A few years ago, Andy Stewart was climbing up the the back of a billboard on Route 9W with one thought going through his mind.
“This is really stupid,” he thought. “I should not be here right now.”
But Stewart, the then-executive director of Keep Rockland Beautiful, kept climbing and eventually hung a banner on the billboard alerting the public to a large cleanup the organization was running.
When looking for a visible place to hang the banner, Stewart noticed the billboard empty and called the number to ask about hanging something on it. When he was told he could he then realized he wasn’t too sure actually how to.
“I got rope, I got my Subaru and I went out and I climbed up the back of this billboard with ropes,” he said. “I kind of threw ‘em this way, threw ‘em that way and basically pulled the banner up. But when I was up there, this thing isn’t designed for climbing.”
He said when the back of the billboard was a criss-cross of 2x4’s with nails sticking out of them.
“If I fall, the insurance company is basically going to kill Keep Rockland Beautiful,” he said.
Stewart didn’t fall. Instead, he just had one more story to add to those that he and many others shared Wednesday night at Keep Rockland Beautiful’s annual meeting and dinner at Emmett's Castle at Blue Hill in Pearl River. At the meeting, the group was also saying goodbye to Stewart, who left the organization after 10 years with the organization after being elected Orangetown Town Supervisor last November.
“It’s just an amazing feeling for me to stand here and know that my family has grown so much over the last 10 years with Keep Rockland Beautiful,” he said.
Throughout the night, many talked about Stewart’s accomplishments as head of the organization, and plenty of others were happy just to be there to celebrate Stewart.
“Keep Rockland Beautiful really took off under Andy’s leadership,” said New York State Sen. David Carlucci. “If you go around Rockland now, you can see less pollution. There’s a drastic difference since he took over.”
Stewart was also presented with a number of awards, including plaques from three superintendents of highways.
“I’ve been through a lot of executive directors since 1998, and Andy by far is the best, the most creative and the most energetic person I’ve ever worked with,” said Wayne Ballard, Clarkstown superintendent of highways.
The group also honored Orangetown Superintendent of Highways Jim Dean, who has spent the past eight years on the organization’s board. Michelle Damiani, past president of Keep Rockland Beautiful, called Dean a friend and said he would help the group get whatever they needed, including ice.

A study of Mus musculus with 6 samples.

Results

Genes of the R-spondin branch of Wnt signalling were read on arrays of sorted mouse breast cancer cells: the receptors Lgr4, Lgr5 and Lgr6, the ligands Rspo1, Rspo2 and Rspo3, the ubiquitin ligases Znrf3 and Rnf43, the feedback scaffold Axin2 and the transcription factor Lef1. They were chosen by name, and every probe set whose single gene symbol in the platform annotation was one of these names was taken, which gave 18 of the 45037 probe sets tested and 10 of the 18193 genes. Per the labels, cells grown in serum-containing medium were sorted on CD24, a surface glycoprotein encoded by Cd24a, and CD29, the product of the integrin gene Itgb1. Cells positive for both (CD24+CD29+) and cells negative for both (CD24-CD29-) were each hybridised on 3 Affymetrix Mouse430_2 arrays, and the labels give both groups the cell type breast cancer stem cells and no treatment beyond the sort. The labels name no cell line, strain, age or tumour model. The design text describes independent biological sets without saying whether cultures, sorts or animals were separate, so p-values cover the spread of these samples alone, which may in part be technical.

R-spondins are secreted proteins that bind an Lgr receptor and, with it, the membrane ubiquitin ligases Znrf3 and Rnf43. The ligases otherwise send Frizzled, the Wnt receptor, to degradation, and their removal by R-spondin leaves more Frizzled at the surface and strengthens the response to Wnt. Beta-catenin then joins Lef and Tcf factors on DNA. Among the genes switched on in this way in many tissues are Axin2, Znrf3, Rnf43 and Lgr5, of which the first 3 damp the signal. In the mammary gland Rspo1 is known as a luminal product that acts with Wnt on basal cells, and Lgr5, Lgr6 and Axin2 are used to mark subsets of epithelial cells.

“He’d bring us a truckload of ice,” she said. “He’d pull up and there would be these two gigantic coolers you could put bodies in with ice.”
Dean was presented with a clock for his service.
“I didn’t really need to get anything,” Dean said. “Eight years of being on this board was enough of a reward. These are hardworking people that are willing to give their time to try and make Rockland a better place, and I appreciate the opportunity to be there.”
Dean also had only positive things to say about Stewart.
“It’s been a pleasure working with Andy all this time on the board for Keep Rockland Beautiful,” Dean said. “For years, highway superintendents were getting blamed for not picking up all the litter on the side of the road. From Andy’s efforts, we’ve gone from maybe 500 people to 3,500 people each year coming out each year to help with litter.”
Stewart also shared another example of the kind of thing he did as executive director that led to numerous people to talk about his energy and passion at Wednesday’s dinner.
Stewart was with his two children and others in a rubbery canoe on the Hackensack River, where they were riding around picking trash out of the water.
“We’re going along and all of a sudden this sort of spike of a broken shopping cart that was submerged comes up through the floor of the canoe,” Stewart said. “Water starts to kind of fountain out the bottom of the canoe. We got the trash, we got the kids and everybody’s got their paddle like ‘Oh my god, quick, paddle for shore!’ We just made it to shore as the canoe was submerging.”
Stewart said that one thing he learned while executive director was just how hard it is to ask people for money.
“Nobody really likes [asking],” he said. “One of the things I’ve found out is if you know Keep Rockland Beautiful, you know that you get an extraordinary amount of bang for your buck. It has so many people out there who want to help. They do need to be asked, they do need to be given the opportunity.”
That’s why, Stewart said, he wanted to his last act as executive director to be signing up for a Keep Rockland Beautiful lifetime membership, which he did while presenting Damiani with a check.
“I’m moving from being the guy who’s given a whole lot of time to someone who is going to be a member for a really long time,” he said.
After his speech, Damiani and Sonia Cairo, Keep Rockland Beautiful’s new executive director, presented Stewart with a painting by James Kimak.
Before the dinner, Keep Rockland Beautiful held its actual annual meeting, where they elected two new board members: Hildee Ryan and Stony Point Superintendent of Highways Larry Brissing.